There’s no better appetizer than a freshly made salad. But if you want to make the most of it in terms of health benefits, here’s what you should add to your salad.
According to recent research by the University of Purdue, eggs in salad help your body absorb 500 times more nutrients from vegetables. ‘Eggs significantly improve absorption of carotenoids from vegetables, even by 500%,’ explains the study author Wayne Campbell, a professor of food science at the University of Purdue.
The inevitable ingredient of any salad, lettuce is packed with antioxidants and healthy ingredients. A study published in the Journal of Agricultural and Food Chemistry found that antioxidants in green leaf lettuce are slower than those in red leaf lettuce, therefore, use both types for salads.
Kale – Yes or No?
Although there’s been much ado about kale lately, this vegetable is not nutritionally superior to other vegetables. In fact kale is ranked lower than watercress, Chinese cabbage, spinach, beets, cabbage and spinach. If you like the taste of kale, feel free to include it more in your diet.
Although it’s easier to use a store-bought salad dressing, a homemade one is a much healthier option. Thus, you can avoid the large quantities of sugars, fats and preservatives added to highly processed salad dressings.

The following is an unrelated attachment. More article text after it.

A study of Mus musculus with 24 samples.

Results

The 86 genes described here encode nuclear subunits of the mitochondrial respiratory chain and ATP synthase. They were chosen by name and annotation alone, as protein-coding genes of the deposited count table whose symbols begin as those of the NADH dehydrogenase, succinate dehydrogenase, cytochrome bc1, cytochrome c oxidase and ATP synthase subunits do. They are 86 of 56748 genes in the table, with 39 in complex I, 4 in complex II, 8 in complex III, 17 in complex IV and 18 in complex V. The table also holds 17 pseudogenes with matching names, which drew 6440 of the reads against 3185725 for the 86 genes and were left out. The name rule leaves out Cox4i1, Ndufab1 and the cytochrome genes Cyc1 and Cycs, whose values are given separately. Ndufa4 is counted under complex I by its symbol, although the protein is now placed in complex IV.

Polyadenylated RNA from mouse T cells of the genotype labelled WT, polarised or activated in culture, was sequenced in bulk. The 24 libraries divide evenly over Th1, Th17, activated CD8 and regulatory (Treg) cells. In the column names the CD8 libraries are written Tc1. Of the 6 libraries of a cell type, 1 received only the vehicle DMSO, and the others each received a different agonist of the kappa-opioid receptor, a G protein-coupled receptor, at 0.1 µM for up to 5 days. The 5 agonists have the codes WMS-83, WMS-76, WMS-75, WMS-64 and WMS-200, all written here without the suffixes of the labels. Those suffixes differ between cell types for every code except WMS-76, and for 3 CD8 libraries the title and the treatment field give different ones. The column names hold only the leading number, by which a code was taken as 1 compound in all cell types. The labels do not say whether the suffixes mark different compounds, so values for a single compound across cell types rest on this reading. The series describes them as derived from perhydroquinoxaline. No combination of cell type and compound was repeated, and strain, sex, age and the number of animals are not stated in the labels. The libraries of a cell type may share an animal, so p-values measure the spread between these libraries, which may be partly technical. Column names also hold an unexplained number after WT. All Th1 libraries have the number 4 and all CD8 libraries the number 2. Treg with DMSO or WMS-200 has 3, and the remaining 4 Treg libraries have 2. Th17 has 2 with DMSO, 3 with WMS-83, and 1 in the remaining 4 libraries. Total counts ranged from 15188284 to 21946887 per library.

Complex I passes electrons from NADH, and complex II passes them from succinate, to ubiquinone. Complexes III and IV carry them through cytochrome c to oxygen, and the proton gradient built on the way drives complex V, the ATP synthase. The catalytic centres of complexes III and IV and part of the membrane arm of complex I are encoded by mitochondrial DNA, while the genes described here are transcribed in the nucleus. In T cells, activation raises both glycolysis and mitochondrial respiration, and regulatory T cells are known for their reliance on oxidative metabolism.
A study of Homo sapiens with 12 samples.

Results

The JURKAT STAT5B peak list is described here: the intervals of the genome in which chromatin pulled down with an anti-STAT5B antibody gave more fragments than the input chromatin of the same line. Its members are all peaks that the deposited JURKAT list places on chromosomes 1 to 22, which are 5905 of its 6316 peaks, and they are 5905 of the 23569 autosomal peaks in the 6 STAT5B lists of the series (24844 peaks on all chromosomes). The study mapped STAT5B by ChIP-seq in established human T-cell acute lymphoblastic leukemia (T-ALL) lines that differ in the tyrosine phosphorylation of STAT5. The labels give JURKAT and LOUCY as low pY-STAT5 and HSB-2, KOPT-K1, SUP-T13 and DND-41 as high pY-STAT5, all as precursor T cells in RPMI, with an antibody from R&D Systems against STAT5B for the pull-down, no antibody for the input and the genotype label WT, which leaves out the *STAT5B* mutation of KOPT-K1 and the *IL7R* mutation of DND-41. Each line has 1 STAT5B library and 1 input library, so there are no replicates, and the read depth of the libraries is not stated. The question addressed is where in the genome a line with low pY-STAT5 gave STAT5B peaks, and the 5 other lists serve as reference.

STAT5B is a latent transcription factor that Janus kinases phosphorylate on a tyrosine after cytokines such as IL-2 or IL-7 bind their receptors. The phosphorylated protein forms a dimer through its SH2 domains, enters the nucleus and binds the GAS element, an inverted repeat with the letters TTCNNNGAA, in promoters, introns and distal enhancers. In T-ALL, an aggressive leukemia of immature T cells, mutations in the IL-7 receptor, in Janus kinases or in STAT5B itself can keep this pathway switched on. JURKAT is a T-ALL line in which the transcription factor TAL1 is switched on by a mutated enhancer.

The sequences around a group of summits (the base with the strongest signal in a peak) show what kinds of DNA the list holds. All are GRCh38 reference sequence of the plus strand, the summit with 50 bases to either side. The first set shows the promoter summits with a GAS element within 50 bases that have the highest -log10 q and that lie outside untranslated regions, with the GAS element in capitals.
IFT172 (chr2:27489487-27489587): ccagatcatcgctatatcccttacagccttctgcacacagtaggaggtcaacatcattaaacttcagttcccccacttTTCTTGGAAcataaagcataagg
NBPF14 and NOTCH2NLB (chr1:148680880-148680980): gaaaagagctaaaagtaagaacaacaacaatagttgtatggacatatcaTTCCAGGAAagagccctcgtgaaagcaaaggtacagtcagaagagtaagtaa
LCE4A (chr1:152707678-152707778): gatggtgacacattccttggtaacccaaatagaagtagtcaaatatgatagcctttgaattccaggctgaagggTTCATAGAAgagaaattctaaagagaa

Feel free to add them to your salad as much as you like because they contain a lot of healthy fats and protein. Plus, you will enjoy crispy effect they give.
Two new studies published by the American Journal of Clinical Nutrition found that the full-fat milk cheese is extremely health beneficial. People who regularly consumed full-fat cheese even had a 23% lower risk of developing diabetes 2 compared to those who consumed low-fat or nonfat dairy products. Plus, full-fat cheese has a stronger taste so only a little is enough for savoring.
Instead of raisins or dried cranberries, which are a popular addition to many salads, opt for pomegranate or fresh grapes because these contain much less sugar (half a cup packs about 12 grams of sugar, unlike raisins or cranberries that have an average of about 40 grams).